Many times throughout On Writing, Stephen King advises his audience to take no thought of fame or riches, to write for the fun of it. He gives that advice sincerely, but it comes well after the pages upon which he describes his open-mouthed astonishment at the news that the paperback rights for Carrie sold for $400,000–$200,000 of which was his.
There’s a balance to be struck in our endeavors to be literary craftsmen. We should write for the fun of it. If it’s not fun, if there’s no feeling of happiness at writing a well-turned sentence, no feeling of satisfaction at having solved a difficult problem with a line of poetry or a plot, then we should get out of the business of writing and try something else. But if we do find it fun, and we’re writing for the public, we ought to conduct ourselves as professionals, and we ought to aim to get paid.
The list of writers who made no apologies for the living they made as writers is almost too long to cite: Dickens, Trollope, Jacqueline Susann, James Patterson, Tolkien–these are just the ones I can think of off the top of my head. Doubtless, many of you could add to the list. All of these men and women made their money by learning what their audiences wanted, and giving it to them. Dickens, by knowing his audience responded well to melodrama, was able to go beyond merely supplying his readers with a familiar kind of tale. He provided them with characters whose actions, while melodramatic, pointed toward larger, more universal meanings: Mr. Jaggers, constantly washing his hands in Great Expectations, for instance.
Even King himself, in Carrie, knew that his audience was likely to respond to this story with more excitement than they had to anything else he had written before. True, he had to be convinced of it by his wife, who fished a crumpled draft of a chapter out of the trash one night and told him, “I think you’ve got something here. I really do.” But he knew. What did he have? He had Carrie White, a picked-on nobody, with the strange power of telekinesis. King links something ordinary with something extraordinary. He’d been doing that in almost every story he’d ever written before Carrie, but this time the linkage really worked. Why? It worked because King depicted on a fundamental level what came to be called High School Hell–the same trope that Joss Whedon would later explore so brilliantly in Buffy, the Vampire-Slayer. Nowadays, we call High School Hell “bullying.” Same thing. But King’s twist on it is exceptional, because he finds a way for his universal teenager to do what we all wanted to do in school: take vengeance on those who tormented us.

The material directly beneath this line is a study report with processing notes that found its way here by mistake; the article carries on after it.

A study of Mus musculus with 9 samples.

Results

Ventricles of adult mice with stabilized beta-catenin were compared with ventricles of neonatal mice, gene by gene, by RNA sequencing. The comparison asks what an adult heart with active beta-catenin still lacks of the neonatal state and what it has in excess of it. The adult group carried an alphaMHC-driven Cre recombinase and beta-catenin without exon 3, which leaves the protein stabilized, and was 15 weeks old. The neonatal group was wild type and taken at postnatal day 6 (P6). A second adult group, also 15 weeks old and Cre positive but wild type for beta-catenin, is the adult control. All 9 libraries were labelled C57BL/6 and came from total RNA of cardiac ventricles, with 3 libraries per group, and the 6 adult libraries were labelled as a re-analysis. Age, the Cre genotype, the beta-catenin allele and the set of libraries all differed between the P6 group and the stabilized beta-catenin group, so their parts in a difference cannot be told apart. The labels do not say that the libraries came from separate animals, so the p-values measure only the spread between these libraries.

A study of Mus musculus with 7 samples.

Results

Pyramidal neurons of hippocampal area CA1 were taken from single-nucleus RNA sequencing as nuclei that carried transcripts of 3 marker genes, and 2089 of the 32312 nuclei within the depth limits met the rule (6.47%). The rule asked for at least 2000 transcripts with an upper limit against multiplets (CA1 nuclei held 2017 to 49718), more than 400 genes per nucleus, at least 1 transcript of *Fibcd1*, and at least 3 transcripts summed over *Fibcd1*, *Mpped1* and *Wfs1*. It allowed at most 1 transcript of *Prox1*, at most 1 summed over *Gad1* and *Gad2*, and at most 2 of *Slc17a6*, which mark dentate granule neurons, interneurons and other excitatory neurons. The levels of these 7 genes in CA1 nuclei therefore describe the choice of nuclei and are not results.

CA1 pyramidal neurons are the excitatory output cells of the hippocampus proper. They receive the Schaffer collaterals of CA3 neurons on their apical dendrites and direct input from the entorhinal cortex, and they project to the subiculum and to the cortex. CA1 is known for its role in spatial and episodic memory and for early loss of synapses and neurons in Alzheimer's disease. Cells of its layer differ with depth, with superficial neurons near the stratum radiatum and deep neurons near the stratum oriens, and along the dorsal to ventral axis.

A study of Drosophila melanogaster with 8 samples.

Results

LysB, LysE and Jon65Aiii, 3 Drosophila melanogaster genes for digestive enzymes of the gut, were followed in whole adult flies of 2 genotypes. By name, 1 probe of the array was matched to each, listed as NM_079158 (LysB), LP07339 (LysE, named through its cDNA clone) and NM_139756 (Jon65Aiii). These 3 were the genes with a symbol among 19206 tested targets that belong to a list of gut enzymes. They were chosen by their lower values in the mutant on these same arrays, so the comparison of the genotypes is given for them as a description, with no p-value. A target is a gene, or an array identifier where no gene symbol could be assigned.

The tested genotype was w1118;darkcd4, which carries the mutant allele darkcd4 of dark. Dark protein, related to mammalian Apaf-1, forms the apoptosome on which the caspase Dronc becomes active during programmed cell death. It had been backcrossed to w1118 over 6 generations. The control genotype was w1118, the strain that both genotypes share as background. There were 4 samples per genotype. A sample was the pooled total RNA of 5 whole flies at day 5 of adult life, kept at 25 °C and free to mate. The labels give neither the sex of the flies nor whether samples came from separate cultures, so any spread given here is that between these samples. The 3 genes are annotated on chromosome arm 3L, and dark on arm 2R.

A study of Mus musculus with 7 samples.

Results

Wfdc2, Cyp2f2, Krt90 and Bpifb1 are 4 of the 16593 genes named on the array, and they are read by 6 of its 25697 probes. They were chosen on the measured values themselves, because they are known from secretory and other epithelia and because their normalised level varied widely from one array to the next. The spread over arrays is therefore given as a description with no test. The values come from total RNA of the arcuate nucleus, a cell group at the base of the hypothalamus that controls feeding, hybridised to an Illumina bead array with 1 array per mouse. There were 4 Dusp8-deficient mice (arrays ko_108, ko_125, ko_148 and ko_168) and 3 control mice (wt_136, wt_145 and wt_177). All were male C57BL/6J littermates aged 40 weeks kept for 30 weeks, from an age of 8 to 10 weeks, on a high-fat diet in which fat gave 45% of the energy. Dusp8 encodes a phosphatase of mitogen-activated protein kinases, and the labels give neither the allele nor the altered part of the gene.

What King counsels us to do is make decisions based on the tale itself, not ones based on how we think our audience is going to react. Carrie White is a sympathetic character because she just wants to be a normal girl. The vengeance she takes is apocalyptic and deadly, but it is as much a matter of the last resort and self-preservation as it is anything else. Her behavior is uniquely her own, but Carrie was drawn from girls that King knew and knew of in school. What she does is based on motivations that all of us can understand.
King is certainly correct that our choices must be made in relation to the story, but that does not mean we can’t or shouldn’t think of other things. Native Son is a great literary novel but, as my tenth-grade English teacher pointed out to me after I mentioned the beheading scene, Richard Wright wrote it that way “because he knew it would sell.” I am in Wright’s corner to this extent: I think that in the planning and early drafting of a work, we need to add characters or scenes–or take them away–shamelessly, as long as they’re relevant to the tale we’re writing. If we don’t make those kinds of decisions, the omissions will be glaring. It always struck me as odd, for instance, that on the old Andy Griffith Show, there was in Mayberry, North Carolina not a single black person in sight. It wasn’t that they didn’t exist. It was 1960; such people were everywhere. It was that the producers didn’t know how to write for such characters. They were scared to death of being compelled to write a different kind of comedy and drama because of them, scared of alienating both audiences and advertisers, so they left them out. Maybe Aaron Ruben thought we wouldn’t notice. But we did.
If your characters belong in your story, keep them there. If they don’t, take ’em out. If your test readers–the people who comment on your drafts–tell you that a minor character is really likeable, pay attention. Maybe that character needs a larger role, or will merit a story of her own later on.
Write with an eye on making a living. At the very least, what you write can supplement the living you already have. King was teaching when Carrie was accepted, and he tells us that he had largely forgotten about it by that time. I don’t quite believe him, but I can believe that the acceptance and the money that followed were both shocking. He didn’t write the story for the money; I believe that, too. But he did write it because it represented an effort to pay the bills. Such an action is honorable through and through, and we need more writers who think that way. Write because you love to write. Write with an eye upon those who will read your work, and money will almost surely follow. If it does, you will have earned every penny of it.